Graphics Rendering Registry Settings
This topic provides an overview of the WPF graphics rendering registry settings that affect WPF applications.
When to Use Graphics Rendering Registry Settings
These registry settings are provided for troubleshooting, debugging, and product support purposes. Because changes to the registry affect all WPF applications, your application should never alter these registry keys automatically, or during installation.
What are XPDM and WDDM?
Some of the graphics rendering registry settings have different default values, depending on whether your video card uses an XPDM or WDDM driver. XPDM is the Microsoft Windows XP Display Driver Model and WDDM is the Windows Display Driver Model. WDDM is available on computers running Windows Vista and Windows 7. XPDM is available on computers running Windows Vista, Microsoft Windows XP, and Microsoft Windows Server 2003. For more information about WDDM, see Windows Display Driver Model (WDDM) Design Guide.
WPF provides four registry settings for controlling WPF rendering:
|Disable Hardware Acceleration Option
|Specifies whether hardware acceleration should be enabled.
|Maximum Multisample Value
|Specifies the degree of multisampling for antialiasing 3D content.
|Required Video Driver Date Setting
|Specifies whether the system disables hardware acceleration for drivers released before November 2004.
|Use Reference Rasterizer Option
|Specifies whether WPF should use the reference rasterizer.
These settings can be accessed by any external configuration utility that knows how to reference the WPF registry settings. These settings can also be created or modified by accessing the values directly by using the Windows Registry Editor.
Disable Hardware Acceleration Option
The disable hardware acceleration option enables you to turn off hardware acceleration for debugging and test purposes. When you see rendering artifacts in an application, try turning off hardware acceleration. If the artifact disappears, the problem might be with your video driver.
The disable hardware acceleration option is a DWORD value that is either 0 or 1. A value of 1 disables hardware acceleration. A value of 0 enables hardware acceleration, provided the system meets hardware acceleration requirements; for more information, see Graphics Rendering Tiers.
Maximum Multisample Value
The maximum multisample value enables you to adjust the maximum amount of antialiasing of 3D content. Use this level to disable 3D antialiasing in Windows Vista.
The maximum multisample value is a DWORD value that ranges from 0 to 16. A value of 0 specifies that multisample antialiasing of 3D content should be disabled, and a value of 16 will attempt to use up to 16x multisample antialiasing, if supported by the video card. Beware that setting this registry key value on computers using XPDM drivers will cause applications to use a large amount of additional video memory, decrease the performance of 3D rendering, and has the potential to introduce rendering errors and stability problems.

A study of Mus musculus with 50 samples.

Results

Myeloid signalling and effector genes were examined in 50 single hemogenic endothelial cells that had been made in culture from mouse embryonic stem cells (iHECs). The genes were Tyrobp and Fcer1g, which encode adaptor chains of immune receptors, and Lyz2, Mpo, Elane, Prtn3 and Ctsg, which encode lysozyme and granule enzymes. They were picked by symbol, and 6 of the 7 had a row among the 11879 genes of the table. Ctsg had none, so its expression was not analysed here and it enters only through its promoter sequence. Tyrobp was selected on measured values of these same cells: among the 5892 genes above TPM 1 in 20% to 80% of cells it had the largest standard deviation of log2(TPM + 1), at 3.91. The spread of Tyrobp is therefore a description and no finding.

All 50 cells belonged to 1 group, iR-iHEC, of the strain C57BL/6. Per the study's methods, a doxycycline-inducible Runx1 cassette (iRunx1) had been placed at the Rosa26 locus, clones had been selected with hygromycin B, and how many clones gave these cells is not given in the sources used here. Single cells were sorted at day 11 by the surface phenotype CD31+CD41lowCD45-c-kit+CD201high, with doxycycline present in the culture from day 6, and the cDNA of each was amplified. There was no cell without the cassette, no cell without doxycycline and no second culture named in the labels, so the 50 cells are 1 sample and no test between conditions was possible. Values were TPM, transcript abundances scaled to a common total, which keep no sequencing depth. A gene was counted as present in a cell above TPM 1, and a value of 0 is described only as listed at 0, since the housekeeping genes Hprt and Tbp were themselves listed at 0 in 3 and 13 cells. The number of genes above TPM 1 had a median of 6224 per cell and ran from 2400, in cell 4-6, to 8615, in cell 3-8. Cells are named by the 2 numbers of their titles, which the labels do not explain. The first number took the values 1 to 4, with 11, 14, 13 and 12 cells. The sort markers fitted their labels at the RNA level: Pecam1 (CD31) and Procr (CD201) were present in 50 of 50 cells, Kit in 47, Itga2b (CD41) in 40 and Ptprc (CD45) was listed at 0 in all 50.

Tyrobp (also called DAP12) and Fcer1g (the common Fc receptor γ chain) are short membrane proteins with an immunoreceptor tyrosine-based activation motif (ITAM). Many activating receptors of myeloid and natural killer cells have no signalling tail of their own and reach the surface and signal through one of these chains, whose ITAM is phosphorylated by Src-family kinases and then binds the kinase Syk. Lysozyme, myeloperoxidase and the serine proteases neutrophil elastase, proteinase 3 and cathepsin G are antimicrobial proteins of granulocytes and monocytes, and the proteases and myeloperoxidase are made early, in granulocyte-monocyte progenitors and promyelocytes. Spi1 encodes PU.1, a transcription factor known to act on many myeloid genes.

When this registry key is not set, WPF defaults to 0 for XPDM drivers and 4 for WDDM drivers.
Required Video Driver Date Setting
In November, 2004, Microsoft released a new version of the driver testing guidelines; the drivers written after this date offer better stability. By default, WPF will use the hardware acceleration pipeline for these drivers and will fall back to software rendering for XPDM drivers published before this date.
The required video driver date setting enables you to specify an alternate minimum date for XPDM drivers. You should only specify a date earlier than November, 2004 if you are confident that your video driver is stable enough to support WPF.
The required video driver setting takes a string of the following format:
Where YYYY is the four-digit year, MM is the two-digit month, and DD is the two digit day. When this value is unset, WPF uses November, 2004 as its required video driver date.
Use Reference Rasterizer Option
The use reference rasterizer option enables you to force WPF into a simulated hardware rendering mode for debugging: WPF goes into hardware mode, but uses the Microsoft Direct3D reference software rasterizer, d3dref9.dll, instead of an actual hardware device.
The reference rasterizer is very slow, but bypasses your video driver to avoid any rendering issues caused by driver problems. For this reason, you can use the reference rasterizer to determine if rendering issues are caused by the video driver. The d3dref9.dll file must be in a location where the application can access it, such as in any location in the system path or in the local directory of the application.
The use reference rasterizer option takes a DWORD value. A value of 0 indicates that the reference rasterizer is not used. Any other non-zero value forces WPF to use the reference rasterizer.